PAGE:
Hear ye, hear ye!
Fall 2017 registration at Signum University is open! Come peruse our lineup of marvelous classes and make your Sophie’s choice among them – or bravely refuse to do any such thing and simply quit your day job so you can sign up to take them all!
Introducing Writer’s Forge
This year, Signum is offering a new student service: the Writer’s Forge, a writing tutorial program where you can hone your craft, becoming a more effective communicator within Academia at large and in your degree work in particular. The Writer’s Forge can give you confidence in your abilities as a scholar, even if it’s been a while since you tried your hand at a paper.
Signum Advisory Reminder
Don’t forget to take advantage of Signum’s advisory program. If you’re a credit student, contact your Signum Advisor ASAP to discuss your progression in the degree program. We encourage all Signum MA students to give thought to when they will take the Research Methods course specifically, as Signum requires that this class be taken within your first four courses. Everyone else is strongly encouraged to take this course, as it provides fundamental skills and concepts for success in all Signum classes, the M.A. thesis, and future work in the fields of language and literature.
Finally, a short word: you’ll notice when you access the signup forms for your class(es) of choice that tuition has increased slightly: credit courses from $575 to $650, and discussion audits from $425 to $475. President Corey Olsen has a short informational video on the reasons for this increase. In brief, Signum has been growing by leaps and bounds. In the past four years, as the almost entirely volunteer staff has been doing wonders to keep pace with Signum’s promising growth, we’ve been able to keep our tuition steadily low, in keeping with our vision: to make quality higher education affordable and accessible to all! Though our operating costs have enlarged as we’ve grown, we’re proud that this year is the first since 2013 that we’ve needed to introduce a modest tuition increase. And we remain committed to per-credit costs that are far below any equivalent degree programs out there.
Signum’s Fall Course Offerings
Each course has a brief summary listed here; click through to the linked course pages for more information.
Beowulf in Old English: (Prerequisite: “Introduction to Anglo-Saxon.”) Beowulf has long been seen as the crown jewel of early English literature. We at Signum are therefore pleased to be able to offer what is becoming increasingly rare: an opportunity to translate and scrutinize this poem line by line. Through intensive, seminar-style classes, students will be given an opportunity to practice their skills in translating the Old English language, as well as to become intimately familiar with this text.
Chaucer I: Visions of Love: What besides The Canterbury Tales did Chaucer write? How did Chaucer engage with earlier medieval authors? This class is the first semester in a two-part survey of Chaucer’s major works. In this first semester, we will study the works with which Chaucer established his reputation in his time: his early dream vision poems and his greatest completed work: Troilus and Criseyde. We will be reading Chaucer exclusively in Middle English, but no previous experience with Middle English is required.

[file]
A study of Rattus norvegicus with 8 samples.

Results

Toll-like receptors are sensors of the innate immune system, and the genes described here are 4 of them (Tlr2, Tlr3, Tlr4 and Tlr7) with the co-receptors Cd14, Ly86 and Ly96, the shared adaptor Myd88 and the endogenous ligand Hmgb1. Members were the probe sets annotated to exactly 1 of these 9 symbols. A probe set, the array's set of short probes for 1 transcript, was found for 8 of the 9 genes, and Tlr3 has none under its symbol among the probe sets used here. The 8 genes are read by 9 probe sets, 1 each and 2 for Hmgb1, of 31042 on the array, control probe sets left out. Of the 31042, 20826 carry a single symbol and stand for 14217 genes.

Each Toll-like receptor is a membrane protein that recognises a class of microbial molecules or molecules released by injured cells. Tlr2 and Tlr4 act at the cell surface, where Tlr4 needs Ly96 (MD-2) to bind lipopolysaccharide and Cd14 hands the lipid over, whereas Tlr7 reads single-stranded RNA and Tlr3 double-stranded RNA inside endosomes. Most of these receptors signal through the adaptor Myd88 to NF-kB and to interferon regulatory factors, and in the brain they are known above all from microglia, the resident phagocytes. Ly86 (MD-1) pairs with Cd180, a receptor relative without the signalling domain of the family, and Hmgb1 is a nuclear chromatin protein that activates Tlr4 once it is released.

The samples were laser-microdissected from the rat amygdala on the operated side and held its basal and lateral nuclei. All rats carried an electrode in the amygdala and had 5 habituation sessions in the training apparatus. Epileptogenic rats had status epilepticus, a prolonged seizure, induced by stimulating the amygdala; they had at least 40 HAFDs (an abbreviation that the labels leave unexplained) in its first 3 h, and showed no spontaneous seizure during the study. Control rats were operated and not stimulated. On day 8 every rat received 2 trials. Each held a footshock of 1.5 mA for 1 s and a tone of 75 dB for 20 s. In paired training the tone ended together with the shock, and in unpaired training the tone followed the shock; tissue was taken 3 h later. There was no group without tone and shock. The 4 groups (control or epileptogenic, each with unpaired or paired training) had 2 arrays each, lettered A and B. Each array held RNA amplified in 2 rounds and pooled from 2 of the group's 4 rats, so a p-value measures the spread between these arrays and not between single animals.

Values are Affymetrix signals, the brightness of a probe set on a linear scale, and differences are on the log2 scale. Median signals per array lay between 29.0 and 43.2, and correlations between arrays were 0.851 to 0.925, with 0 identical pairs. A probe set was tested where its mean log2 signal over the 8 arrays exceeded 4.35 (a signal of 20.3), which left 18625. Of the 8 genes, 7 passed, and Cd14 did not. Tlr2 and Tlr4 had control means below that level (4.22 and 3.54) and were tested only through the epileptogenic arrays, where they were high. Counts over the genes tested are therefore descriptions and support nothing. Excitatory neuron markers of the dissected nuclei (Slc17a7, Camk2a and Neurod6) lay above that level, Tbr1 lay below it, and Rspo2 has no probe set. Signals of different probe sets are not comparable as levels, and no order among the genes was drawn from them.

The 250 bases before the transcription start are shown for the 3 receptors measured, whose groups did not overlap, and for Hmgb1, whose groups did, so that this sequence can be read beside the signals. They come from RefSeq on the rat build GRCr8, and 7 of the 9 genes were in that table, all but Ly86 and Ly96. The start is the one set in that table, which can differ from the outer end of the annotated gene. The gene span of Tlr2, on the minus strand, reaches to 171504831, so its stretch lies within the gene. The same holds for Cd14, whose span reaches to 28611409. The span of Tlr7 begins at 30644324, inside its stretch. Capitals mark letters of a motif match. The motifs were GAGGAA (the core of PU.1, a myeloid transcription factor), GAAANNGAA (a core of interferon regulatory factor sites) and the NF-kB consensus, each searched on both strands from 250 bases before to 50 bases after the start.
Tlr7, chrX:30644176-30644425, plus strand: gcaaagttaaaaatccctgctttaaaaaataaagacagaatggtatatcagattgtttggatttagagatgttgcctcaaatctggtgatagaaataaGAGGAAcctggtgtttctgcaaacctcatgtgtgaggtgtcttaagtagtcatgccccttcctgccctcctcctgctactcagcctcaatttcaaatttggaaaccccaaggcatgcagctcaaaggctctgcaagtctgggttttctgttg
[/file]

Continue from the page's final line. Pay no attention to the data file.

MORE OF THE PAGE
Elementary Latin II: The second semester of “Elementary Latin” will complete your introduction to the basic elements of the Latin language. Last semester, we began reading connected passages and short selections of unaltered Latin; this semester, these readings will become more prominent as our knowledge of Latin advances. You will not be expected to speak Latin, but you should have at this point a good classical pronunciation and know where to place important accents.
Introduction to Germanic Philology I: This class offers a survey of the older Germanic languages (especially Gothic, Old Norse, and Old English), and the literatures written in those languages. We will take the textual records of these languages as our point of departure, examining their literary qualities and linguistic peculiarities, as well as their historical and cultural contexts.
Norse Myths & Sagas: This course provides an introduction to the myths and sagas of medieval Scandinavia. The course focuses on readings from authentic texts in translation (no knowledge of the original languages is required!) but also discusses the wider cultural and historical context, including consideration of echoes from the medieval Norse literary tradition in modern culture and fiction.
A note on both the Germanic Philology and Norse Sagas pages: these pages will be fairly bare for a while, with just instructor, course number, and course description. More details will be added there in the coming weeks. But for now, think of it as thematic. The sparseness and severity of northerly climates, and all that.
Research Methods: What is literature? Why do we read it? How do we interpret it? How do contingent matters such as gender, race, class, and historical context affect the ways we interpret literature? How do we maintain contact with the significant scholarly conversations relevant for reading particular kinds of literature? These questions and the various ways the discipline of English literature has responded to them are the subjects of Signum’s Research Methods course.
Tolkien’s Wars and Middle-earth: Who were the T.C.B.S? How did they influence Tolkien? What did he do in the First World War, and how did it change him? What became of his first “fellowship” of friends? How does the trench experience infuse The Lord of the Rings and other works, and how does all this relate to his other passions-myth and fairy-tale, the medieval, and the invention of languages?
Thank you so much, each of you; your enthusiasm, participation, intelligence, and goodwill make Signum the vibrant and rewarding community that it is today.
Reblogged this on A Pilgrim in Narnia.